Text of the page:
GOP's Berg beats Dem Pomeroy for ND US House seatBISMARCK, N.D. (AP) — Republican Rick Berg defeated North Dakota's Democratic U.S. Rep. Earl Pomeroy on Tuesday, becoming the first Republican in 30 years to win the state's only seat in the U.S. House.
By: DALE WETZEL, Associated Press
With 92 percent of the vote in, Berg had 55 percent of the vote to 45 percent for Pomeroy in unofficial returns.
Berg, in a speech to supporters late Tuesday in Fargo, said Pomeroy had called to congratulate him. They argued about much during the campaign, Berg said, but they agreed that "representing North Dakota at our nation's capital is the best job there is."
Pomeroy, speaking to cheering supporters in Fargo, alluded to his support of federal health care legislation and a general unhappiness with Democrats nationally that had made his campaign difficult.
"Out here on the prairie, we know the wind is sometimes at our backs, but it is often in our faces," Pomeroy said. "Although we came up short, I believe we did everything possible to pull this out ... There are no 'shoulda, coulda, wouldas' with the Pomeroy campaign. I feel, in fact, like perhaps it was the best campaign I've ever been a part of."
Berg, 51, a former GOP majority leader in the North Dakota House, was triumphant in his first statewide campaign after 26 years representing a north Fargo district as a state lawmaker.
He unseated the 58-year-old Pomeroy, a former Valley City attorney and North Dakota insurance commissioner who served for 18 years in the U.S. House. Pomeroy succeeded Democrat Byron Dorgan, who served in the House for a dozen years before he was elected to the Senate in 1992. Dorgan is leaving Congress at year's end.
Berg, who is a senior executive in a Fargo property development company, said he would advocate tax cuts, reduced federal spending and job creation incentives. He said his background in business and as a state legislator would make him an effective advocate for those causes.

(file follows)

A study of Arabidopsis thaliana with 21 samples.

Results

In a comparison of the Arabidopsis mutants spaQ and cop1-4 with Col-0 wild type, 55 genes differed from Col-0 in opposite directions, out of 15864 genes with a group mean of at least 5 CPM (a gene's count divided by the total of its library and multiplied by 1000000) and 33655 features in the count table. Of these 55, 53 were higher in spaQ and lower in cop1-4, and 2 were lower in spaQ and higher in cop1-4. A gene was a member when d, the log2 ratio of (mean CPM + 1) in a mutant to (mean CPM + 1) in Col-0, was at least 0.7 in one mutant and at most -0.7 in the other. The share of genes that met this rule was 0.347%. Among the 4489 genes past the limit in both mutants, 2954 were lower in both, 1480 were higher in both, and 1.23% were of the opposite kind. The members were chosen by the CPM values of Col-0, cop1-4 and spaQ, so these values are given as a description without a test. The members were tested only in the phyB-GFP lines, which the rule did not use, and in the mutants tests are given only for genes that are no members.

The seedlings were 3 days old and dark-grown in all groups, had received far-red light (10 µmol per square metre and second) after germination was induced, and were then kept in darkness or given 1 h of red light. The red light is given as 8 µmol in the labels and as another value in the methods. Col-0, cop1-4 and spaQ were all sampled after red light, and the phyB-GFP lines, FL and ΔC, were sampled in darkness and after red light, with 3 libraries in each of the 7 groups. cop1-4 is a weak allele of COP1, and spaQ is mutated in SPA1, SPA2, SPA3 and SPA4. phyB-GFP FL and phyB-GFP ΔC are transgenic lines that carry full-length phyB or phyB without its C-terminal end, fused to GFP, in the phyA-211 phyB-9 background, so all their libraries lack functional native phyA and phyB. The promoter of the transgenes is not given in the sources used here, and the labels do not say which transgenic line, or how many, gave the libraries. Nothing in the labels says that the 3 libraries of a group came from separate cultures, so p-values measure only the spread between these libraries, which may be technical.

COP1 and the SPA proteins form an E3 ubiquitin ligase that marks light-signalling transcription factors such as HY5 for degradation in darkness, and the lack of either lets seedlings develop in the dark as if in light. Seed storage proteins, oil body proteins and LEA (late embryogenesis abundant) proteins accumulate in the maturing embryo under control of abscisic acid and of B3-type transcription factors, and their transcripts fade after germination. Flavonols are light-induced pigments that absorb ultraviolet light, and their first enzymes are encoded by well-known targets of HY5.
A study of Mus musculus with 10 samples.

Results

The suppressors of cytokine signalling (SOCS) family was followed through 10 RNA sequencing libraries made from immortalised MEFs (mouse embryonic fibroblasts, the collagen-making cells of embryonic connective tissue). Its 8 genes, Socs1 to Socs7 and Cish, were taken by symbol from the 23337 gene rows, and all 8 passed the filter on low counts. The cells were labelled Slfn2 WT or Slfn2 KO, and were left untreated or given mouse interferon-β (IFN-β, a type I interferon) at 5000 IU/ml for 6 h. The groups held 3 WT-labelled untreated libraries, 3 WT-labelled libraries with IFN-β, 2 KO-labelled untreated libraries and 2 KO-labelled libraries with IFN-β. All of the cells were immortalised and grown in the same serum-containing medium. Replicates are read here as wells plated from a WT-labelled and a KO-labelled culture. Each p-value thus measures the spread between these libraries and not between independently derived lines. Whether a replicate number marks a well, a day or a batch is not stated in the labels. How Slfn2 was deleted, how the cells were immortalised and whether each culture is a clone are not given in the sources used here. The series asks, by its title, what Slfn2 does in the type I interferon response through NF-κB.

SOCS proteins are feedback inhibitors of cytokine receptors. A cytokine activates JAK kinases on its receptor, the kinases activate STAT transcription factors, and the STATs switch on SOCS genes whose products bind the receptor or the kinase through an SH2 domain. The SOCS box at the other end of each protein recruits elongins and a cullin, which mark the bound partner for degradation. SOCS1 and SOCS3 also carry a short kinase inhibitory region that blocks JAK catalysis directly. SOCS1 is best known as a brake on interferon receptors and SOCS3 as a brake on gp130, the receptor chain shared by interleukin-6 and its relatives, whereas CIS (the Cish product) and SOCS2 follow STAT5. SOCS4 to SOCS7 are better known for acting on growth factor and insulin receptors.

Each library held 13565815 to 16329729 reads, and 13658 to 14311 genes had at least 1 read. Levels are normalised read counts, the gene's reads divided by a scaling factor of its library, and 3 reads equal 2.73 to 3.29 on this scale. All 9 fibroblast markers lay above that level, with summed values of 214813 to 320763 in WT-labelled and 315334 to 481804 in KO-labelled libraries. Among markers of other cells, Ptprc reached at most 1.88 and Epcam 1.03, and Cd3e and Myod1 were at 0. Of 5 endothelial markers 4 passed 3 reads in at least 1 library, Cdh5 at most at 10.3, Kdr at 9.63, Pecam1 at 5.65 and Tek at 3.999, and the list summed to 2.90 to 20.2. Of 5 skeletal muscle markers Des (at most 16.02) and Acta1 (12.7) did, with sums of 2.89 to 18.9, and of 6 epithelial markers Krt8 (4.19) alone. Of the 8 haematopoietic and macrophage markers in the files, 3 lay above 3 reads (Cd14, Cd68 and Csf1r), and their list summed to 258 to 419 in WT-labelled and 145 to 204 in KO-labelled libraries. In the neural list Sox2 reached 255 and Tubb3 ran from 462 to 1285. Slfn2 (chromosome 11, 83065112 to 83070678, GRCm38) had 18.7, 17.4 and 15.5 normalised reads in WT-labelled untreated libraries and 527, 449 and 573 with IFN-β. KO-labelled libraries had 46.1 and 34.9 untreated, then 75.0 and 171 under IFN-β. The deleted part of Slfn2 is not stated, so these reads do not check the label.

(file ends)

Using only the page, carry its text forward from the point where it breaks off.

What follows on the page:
He was critical of Pomeroy's support for federal health care legislation and financial bailouts of the auto and financial industries, saying the incumbent Democrat needed to pay more attention to the exploding national debt.
Pomeroy said he spoke before the election to a 102-year-old voter in his hometown of Valley City, who told the incumbent Democrat he would not support him and that it was "time for a change."
"Now I may not be the savviest guy that ever ran for public office," Pomeroy said. "But if the 102-year-olds think you've been around too long, you've got a real problem."
Pomeroy had faced his closest race since he got 52 percent of the vote eight years ago in defeating another Republican Rick, Tax Commissioner Rick Clayburgh.
Pomeroy emphasized his seniority and chairmanship of a House Ways and Means subcommittee on Social Security, arguing that congressional Republicans would push to convert Social Security into a private pension program and reduce the benefits of federal farm legislation.
He used a television ad in the campaign's closing days to acknowledge North Dakotans' discontent, saying: "I'm not (House Speaker) Nancy Pelosi. I'm not Barack Obama."
"I know I've disappointed you with a vote here or there, but you can always count on the fact that I do what I do for the right reason, for the people of North Dakota," Pomeroy said.